As people around the country commemorated Earth Day earlier this week, a friar based at an inner city parish in New Jersey reflected on the significance of care for creation in his life. The Philadelphia native says he appreciated learning about ecology even before the day’s official launch in 1970.
I can remember my very first May in junior high school, when we celebrated the first of May as a special day to honor the beginning of a new growing season. As a class, we would plant a tree outside of the school. We started digging a hole mixing fertilizer and adding water, and we had planted a tree. All of us helped fill the space around the tree with the soil and watered it. We went back to class to listen to how important one tree would make the world a better place to live now and in the future.
As I grew up, I started to plant vegetables and flowers, take care of the grass, and trim trees and bushes. As usual, the first day of May we would have a special tree planting each year. Before long, this became a community event and each first of May first became a day to celebrate a new growing season. I remember learning the importance of being involved in doing this work as a way to make the earth a better place for all people in the world. A religion teacher I had in high school explained how, if we all worked together as Christians caring for all of Earth’s natural resources, we were making life better for all mankind. Caring for the environment and food supply were our part of helping all people to have what they needed to live a dignified life.
By the time I got into biology class in high school, we learned more about plants and animal life of earth how important it was for us to be aware of what we needed to do all the time. Taking care of the earth and the environment depended on us to make the world a better place for all people who depended on plant and animal life to live a dignified life having food and good water for all humankind. And, it also meant finding better ways to take care of our natural resources.
Seeing the Earth as God’s Creation
It was about this time that I read a book on the life of St. Francis and about how he saw God in all creation, the plants, flowers, trees, and all animals. Francis saw all living things and the beauty of the earth as being part of God’s presence among us. To see the earth as God’s creation, we can see God’s love for all of us.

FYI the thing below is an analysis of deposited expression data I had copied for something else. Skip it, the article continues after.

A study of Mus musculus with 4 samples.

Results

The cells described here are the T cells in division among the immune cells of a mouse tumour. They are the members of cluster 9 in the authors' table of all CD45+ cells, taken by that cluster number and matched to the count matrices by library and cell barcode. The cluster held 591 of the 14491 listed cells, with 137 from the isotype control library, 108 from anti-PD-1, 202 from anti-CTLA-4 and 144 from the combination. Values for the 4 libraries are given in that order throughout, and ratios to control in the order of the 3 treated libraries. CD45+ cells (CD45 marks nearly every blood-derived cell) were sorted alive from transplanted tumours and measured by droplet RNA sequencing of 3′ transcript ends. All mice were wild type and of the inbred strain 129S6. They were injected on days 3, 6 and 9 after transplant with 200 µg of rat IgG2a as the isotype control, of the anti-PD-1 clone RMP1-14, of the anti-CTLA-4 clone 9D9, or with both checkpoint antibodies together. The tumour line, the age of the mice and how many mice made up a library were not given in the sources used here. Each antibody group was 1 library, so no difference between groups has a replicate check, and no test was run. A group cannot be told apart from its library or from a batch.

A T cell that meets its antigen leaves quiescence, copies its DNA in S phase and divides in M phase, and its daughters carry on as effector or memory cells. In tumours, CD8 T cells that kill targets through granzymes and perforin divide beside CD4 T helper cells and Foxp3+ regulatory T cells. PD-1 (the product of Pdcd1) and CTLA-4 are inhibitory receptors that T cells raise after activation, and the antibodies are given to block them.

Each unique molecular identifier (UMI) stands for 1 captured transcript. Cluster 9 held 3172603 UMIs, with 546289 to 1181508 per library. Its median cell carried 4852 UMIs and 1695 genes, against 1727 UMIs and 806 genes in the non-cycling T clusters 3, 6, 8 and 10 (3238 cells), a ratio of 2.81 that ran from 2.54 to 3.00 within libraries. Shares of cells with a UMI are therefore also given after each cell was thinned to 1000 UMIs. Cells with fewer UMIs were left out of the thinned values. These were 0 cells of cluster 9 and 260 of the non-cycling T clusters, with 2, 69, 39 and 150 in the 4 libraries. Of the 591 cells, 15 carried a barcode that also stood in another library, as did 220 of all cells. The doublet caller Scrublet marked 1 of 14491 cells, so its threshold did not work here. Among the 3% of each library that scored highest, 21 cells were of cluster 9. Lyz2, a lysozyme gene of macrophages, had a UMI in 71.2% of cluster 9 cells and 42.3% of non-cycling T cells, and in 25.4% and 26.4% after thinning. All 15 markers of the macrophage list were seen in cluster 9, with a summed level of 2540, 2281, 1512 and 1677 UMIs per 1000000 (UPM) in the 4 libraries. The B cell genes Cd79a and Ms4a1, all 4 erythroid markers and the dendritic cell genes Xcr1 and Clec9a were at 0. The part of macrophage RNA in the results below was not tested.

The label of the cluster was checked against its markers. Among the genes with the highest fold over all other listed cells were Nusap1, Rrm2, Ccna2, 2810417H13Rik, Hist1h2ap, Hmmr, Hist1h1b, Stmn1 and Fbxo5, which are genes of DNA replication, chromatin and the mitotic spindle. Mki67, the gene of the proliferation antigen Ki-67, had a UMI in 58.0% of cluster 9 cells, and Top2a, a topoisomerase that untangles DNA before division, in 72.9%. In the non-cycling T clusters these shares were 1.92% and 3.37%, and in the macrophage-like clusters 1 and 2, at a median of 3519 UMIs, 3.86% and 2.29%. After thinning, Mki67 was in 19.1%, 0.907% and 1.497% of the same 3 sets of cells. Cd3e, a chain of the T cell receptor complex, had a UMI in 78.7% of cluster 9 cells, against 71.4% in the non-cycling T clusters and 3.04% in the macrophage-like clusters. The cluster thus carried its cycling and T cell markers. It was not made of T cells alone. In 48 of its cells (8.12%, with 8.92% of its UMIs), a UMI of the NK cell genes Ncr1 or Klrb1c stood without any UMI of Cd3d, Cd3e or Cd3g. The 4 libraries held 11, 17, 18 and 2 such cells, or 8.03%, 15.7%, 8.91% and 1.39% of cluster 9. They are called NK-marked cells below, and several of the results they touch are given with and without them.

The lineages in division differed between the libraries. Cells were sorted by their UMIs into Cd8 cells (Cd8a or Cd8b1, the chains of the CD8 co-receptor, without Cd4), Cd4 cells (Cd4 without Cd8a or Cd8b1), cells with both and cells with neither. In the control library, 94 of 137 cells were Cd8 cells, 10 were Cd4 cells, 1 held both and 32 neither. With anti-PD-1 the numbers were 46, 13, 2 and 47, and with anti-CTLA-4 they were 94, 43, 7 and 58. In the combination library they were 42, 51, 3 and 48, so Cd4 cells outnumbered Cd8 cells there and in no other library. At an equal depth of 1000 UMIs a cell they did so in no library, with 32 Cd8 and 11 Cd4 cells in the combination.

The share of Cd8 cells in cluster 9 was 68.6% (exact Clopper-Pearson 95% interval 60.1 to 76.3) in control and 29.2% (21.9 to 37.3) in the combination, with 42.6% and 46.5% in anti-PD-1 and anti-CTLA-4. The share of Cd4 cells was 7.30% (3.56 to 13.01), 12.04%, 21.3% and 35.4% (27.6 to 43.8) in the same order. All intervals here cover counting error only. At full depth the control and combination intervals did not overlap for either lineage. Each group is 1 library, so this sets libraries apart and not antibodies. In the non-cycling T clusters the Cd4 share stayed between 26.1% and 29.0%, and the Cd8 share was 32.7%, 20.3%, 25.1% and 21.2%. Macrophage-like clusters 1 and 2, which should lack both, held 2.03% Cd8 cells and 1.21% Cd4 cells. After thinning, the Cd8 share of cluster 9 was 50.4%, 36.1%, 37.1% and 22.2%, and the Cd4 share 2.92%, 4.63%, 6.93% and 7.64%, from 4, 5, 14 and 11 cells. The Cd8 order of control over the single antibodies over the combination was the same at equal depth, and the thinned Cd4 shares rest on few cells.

Reflecting on all creation — my love for animals, the beauty of flowers, the mighty oak trees, especially one that has been behind the house in which I grew up, that is over 100 years old, Fritz, my dog that went everywhere with me, the birds that wake me up each day, the geese crossing the road in front my car — help me to remember why I became a friar, to follow St. Francis.
I began to take on a new understanding of my place as a friar, especially seeing how we were abusing life and worlds riches, and how we needed to improve our taking care of all of the riches we took from the world. I got involved in helping to educate people to better understand how we should not waste the natural resources, but value all ways of improving our world.
Now, I have a special day to remember and it is called Earth Day.
Today, I work with people to educate them to understand what damage we have caused and how we need to change our outlook and lifestyle. I tell them about the importance of working to stop the abuse of all nature resources and find better ways to improve the environment, and I remind them that all mankind needs to be concerned for the world, how we share it’s resources and care for its future.
Spirituality now is part of my life regarding the care of all living things. Francis opened the door so we truly see how we are doing the work of God, by taking care of the environment and all life on earth. We all need to work together or we will not be able to make this world of ours a better place.
All Christians need to become more aware of how we waste the world’s goods. By working together, we can make the world and the environment a better place for all.
— Br. Karl, a native of Philadelphia, serves at St. Anthony of Padua Church in Camden, N.J. He is a member of the Province’s Directorate for Justice, Peace and Integrity of Creation.
Editor’s note: The next issue of HNP Today will include reports of how Provincial ministries celebrated Earth Day and the patron saint of ecology, St. Francis.